Released: 15th February 2019
The brainchild of writer/producer/performer Jake Webb, Methyl Ethel has, in recent years, been met with a wave of success that has not only seen the band heralded back home in Australia, but also, largely thanks to their hit anthem ‘Ubu’, catapulted them to deserved recognition across the globe.
With third album ‘Triage’ following a similar formula to its predecessor (2017’s ‘Everything is Forgotten’), the record is once again driven by its synth-heavy approach, with an abundance of catchy riffs and memorable intros – many that wouldn’t seem out of place in an 80s French nightclub – scattered across nearly every song. This is seen immediately on the record’s opener ‘Ruiner’, which quickly followed by lead single ‘Scream Whole’ sets a somewhat kaleidoscopic tone for the rest of the album, layers being built upon layers to create a polyphonic texture of sounds, before being suddenly dismantled to allow Webb’s vocals to become isolated and vulnerable.
Webb has drawn attention to the fact that he has tried to find closure on his personal grievances on this record and this is apparent not only in the more sombre, restrained moments on the album, such as in ‘Post-Blue’ or ‘What About The 37?’, but also in the reflective nature of his lyrics. The album title itself refers to the process of determining what is most important in life and ultimately results in an examination of the tumultuous ongoing journey of coming of age. Nevertheless, all the joy of this record is still to be found in the instrumentation and, while at times occasionally repetitive, ensures this is one of those projects that is pleasingly difficult to pigeonhole (we’re settling somewhere near surrealist neo-psychedelic pop…).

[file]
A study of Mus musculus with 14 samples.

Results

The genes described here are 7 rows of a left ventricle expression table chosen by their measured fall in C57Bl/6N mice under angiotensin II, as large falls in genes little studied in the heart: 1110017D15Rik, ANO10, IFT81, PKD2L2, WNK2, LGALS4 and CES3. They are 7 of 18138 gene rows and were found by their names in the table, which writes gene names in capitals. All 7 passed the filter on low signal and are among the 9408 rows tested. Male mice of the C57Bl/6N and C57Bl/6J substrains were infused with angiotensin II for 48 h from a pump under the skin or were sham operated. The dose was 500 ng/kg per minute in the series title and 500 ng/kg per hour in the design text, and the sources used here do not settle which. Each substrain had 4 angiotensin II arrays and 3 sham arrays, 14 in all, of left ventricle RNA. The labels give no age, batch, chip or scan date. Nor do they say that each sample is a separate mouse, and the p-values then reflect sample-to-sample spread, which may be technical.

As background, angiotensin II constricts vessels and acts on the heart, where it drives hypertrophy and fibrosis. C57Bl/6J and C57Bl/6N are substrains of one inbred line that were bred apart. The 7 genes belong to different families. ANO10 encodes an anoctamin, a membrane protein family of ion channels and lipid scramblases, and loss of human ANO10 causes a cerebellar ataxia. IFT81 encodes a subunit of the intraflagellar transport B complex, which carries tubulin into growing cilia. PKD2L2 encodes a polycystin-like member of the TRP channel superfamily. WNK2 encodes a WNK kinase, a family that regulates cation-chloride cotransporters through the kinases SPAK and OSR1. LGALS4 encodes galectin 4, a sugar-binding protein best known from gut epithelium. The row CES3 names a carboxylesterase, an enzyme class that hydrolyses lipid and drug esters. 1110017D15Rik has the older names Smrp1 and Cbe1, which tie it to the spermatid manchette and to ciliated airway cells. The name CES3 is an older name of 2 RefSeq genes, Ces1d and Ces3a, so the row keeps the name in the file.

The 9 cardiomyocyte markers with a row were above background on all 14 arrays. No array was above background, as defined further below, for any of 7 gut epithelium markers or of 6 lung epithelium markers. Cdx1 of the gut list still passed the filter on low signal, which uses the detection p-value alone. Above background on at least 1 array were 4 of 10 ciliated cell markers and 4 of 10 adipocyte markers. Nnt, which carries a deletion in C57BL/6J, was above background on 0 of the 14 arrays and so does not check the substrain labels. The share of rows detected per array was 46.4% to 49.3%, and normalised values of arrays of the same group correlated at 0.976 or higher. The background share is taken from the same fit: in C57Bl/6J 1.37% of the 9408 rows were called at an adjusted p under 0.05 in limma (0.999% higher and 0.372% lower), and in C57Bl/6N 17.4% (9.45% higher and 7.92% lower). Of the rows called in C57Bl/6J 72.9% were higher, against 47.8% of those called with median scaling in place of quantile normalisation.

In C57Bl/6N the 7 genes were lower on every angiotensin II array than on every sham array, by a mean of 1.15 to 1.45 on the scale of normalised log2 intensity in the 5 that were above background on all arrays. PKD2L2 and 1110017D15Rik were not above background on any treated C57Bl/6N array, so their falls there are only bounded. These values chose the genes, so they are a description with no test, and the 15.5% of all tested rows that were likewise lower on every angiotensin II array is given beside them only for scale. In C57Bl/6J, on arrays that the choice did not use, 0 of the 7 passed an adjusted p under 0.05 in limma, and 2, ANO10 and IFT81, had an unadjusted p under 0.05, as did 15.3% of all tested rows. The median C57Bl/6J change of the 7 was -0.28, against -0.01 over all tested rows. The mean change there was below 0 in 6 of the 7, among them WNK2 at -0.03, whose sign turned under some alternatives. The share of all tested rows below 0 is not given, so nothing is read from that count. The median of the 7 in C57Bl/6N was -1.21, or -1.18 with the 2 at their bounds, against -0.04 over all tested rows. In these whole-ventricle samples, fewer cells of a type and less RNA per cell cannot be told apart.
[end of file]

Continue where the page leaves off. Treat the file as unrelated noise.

As for being only nine tracks long, it also joins an exclusive club; granted this is a club no one really acknowledges or talks about, but is still in fact home to the likes of Marvin Gaye’s ‘What’s Going On’ and The Rolling Stones ‘Let It Bleed’. While ‘Triage’ likely won’t be regarded in quite as high esteem as these classics, it is a pleasing effort nonetheless and confirms Methyl Ethel to be a band consistent not only in the style of their output but in the quality also.